Period poverty costs too much, take action to end it


On World Menstrual Hygiene Day, 28 May, the movement against period poverty celebrates 10 years of collective action by women and girls worldwide. Today and every day, make talking about periods a normal part of life and take action to end period poverty.

Photo: UNICEF/Soumi Das
MHH Champion Payal Patel (pictured at right) is known as the Pad girl of Odisha, India. She has developed a basket of affordable and sustainable menstrual products for women. She has also lead the "Chuppi Todi" campaign to help create awareness, remove taboos and create open and healthy discussions regarding MH. Payal has created her own IEC material for sharing with adolescents at such meetings. Photo: UNICEF/Soumi Das

Every month, more than two billion people around the world menstruate[1]. Although a natural and healthy process, menstruation – or period – interrupts lives, rights and freedoms of millions of women and girls, because they cannot afford or access menstrual products, sanitation, and hygiene facilities, and lack education and awareness to manage their menstrual health and hygiene. Read more about the causes of period poverty and who’s affected in this explainer.

Period poverty has serious consequences.

Period poverty undermines the education of girls and young women

Period poverty has steep opportunity costs. Girls and young women around the world are missing school days, because they lack the resources to adequately manage their menstrual health and hygiene.

Nearly two million girls aged 14-21 in the United Kingdom have missed a part day or full day of school per term because of their periodmissing more school days because of their period than any other reason. In the Gambia, some girls skip school for five days every month because they cannot afford or access menstrual products and sanitary facilities – this equals to missing out on a month and a half of learning every year. In many countries, girls fall so far behind in schoolwork that they drop out of school entirely.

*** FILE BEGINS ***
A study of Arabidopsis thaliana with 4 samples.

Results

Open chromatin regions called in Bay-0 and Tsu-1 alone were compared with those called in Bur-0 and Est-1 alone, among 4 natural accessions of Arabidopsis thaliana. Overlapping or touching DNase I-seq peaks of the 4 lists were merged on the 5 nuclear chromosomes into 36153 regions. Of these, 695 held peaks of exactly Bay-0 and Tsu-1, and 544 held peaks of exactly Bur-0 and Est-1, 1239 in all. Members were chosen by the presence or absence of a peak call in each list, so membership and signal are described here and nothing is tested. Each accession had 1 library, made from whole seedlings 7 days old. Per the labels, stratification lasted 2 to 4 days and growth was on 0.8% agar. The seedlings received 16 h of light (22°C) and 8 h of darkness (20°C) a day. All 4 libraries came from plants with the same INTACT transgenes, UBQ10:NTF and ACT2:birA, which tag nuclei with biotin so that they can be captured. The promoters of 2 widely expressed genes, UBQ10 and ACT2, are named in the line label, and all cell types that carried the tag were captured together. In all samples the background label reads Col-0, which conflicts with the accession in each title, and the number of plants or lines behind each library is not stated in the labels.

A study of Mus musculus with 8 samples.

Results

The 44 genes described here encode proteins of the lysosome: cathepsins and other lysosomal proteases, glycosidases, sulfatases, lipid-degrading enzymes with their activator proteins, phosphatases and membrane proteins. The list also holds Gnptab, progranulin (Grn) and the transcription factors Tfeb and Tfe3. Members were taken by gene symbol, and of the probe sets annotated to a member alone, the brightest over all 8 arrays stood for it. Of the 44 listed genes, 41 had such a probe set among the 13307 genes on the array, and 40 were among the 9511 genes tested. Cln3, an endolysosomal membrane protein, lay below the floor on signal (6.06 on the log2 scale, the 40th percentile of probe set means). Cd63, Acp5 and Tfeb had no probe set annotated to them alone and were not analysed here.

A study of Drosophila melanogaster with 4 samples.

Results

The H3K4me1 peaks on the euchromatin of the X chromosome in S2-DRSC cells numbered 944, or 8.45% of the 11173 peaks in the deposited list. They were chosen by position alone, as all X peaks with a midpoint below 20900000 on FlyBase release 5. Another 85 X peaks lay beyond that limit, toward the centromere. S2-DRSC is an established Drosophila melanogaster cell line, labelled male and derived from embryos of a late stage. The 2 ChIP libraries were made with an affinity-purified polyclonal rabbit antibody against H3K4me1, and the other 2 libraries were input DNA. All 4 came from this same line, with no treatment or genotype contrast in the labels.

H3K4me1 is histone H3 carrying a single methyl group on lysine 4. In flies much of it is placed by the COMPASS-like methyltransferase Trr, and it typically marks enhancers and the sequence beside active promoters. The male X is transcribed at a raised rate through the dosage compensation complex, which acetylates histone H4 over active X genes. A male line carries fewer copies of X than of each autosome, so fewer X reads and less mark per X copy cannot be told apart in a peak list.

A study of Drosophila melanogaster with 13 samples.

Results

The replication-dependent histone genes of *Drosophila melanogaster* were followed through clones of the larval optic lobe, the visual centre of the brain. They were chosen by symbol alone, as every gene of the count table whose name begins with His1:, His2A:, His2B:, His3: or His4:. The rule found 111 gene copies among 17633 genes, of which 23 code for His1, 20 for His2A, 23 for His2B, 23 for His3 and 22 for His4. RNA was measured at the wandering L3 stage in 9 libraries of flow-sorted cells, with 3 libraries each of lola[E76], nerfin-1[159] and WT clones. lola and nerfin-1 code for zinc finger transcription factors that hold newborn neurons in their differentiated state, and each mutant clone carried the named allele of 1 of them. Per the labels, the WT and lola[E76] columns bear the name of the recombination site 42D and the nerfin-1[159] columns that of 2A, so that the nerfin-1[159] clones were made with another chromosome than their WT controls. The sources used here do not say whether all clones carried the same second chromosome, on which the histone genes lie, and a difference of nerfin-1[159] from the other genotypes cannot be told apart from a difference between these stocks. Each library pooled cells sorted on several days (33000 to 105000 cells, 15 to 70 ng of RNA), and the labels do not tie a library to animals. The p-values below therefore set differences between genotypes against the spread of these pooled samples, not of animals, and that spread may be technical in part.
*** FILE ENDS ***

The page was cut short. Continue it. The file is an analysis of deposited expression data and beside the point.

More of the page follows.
When girls and women lose their chance at education, they lose life-long opportunities for employment, to fulfill their potential and to contribute to our world on an equal footing to men.

Period poverty also has dangerous and immediate health consequences for girls and young women, pushing them into early and forced marriages, sexual abuse, or female genital mutilation (FGM) – because their period is seen as their “coming of age”. Studies in Kenya have shown that some schoolgirls engaged in transactional sex to pay for menstrual products, increasing their risk of HIV infection.

Ending period poverty is possible—and urgent

Period poverty is a policy and budget issue. By making menstrual products free or affordable, ensuring wider access to safe sanitation facilities in schools and workplaces, and changing social norms to reverse stigma, we can put a stop to period poverty.

In Niger, UN Women and partners supported the Government in integrating menstrual hygiene management in the National Gender Policy and Sectoral Programme for Water, Hygiene and Sanitation. Since then, 14 local water, hygiene and sanitation plans have been adopted and 500 million XOF (over USD 82,000) was allocated for addressing menstrual hygiene in the national budget. These policies and actions have finally broken the silence around menstrual health in Niger.

Advocacy to end period poverty, led by women and girls themselves, is showing promising results in many parts of the world. In 2020, Scotland became the first country to provide period products free of charge, including reusable options. Kenya began removing taxes on menstrual products as well as on the raw materials for their production in 2004, and by 2017 started distributing free sanitary pads in public schools. South Africa has delivered free disposable sanitary pads to poor women and girls since 2019, and Botswana has made free sanitary pads available in public and private schools.

Other countries like Australia, Canada, Colombia, India, Jamaica, Lebanon, Malaysia, Nicaragua, Nigeria, Trinidad and Tobago and Uganda have also lowered or scrapped taxes on menstrual products.

Photo: UN Women/Ryan Brown
Moving the Goalposts in Kilifi, Kenya, a woman-led NGO that does sport-based programming with young people and includes hygiene and sexual and reproductive health in its programming. Photo: UN Women/Ryan Brown

Five actions to end period poverty

  • Support advocacy efforts in your country and community to remove the taxation on menstrual products and to increase access to menstrual products.
  • Fund feminist women and girl-led movements and organizations fighting period poverty.
  • Invest in improving data on menstrual health and hygiene.
  • Make menstrual health and hygiene education compulsory in school curriculums, for example, through comprehensive sexuality education.
  • Join the conversation online using #PeriodFriendlyWorld, and in community spaces, schools and places of work, to raise awareness, bust the myths and erase the stigma. Check out the campaign resources available at

[1] Existing menstrual health data typically refer to adolescent girls and women aged 15–49. Globally, this age group comprised nearly 2 billion females in 2022. However, non-binary and trans people also experience menstruation.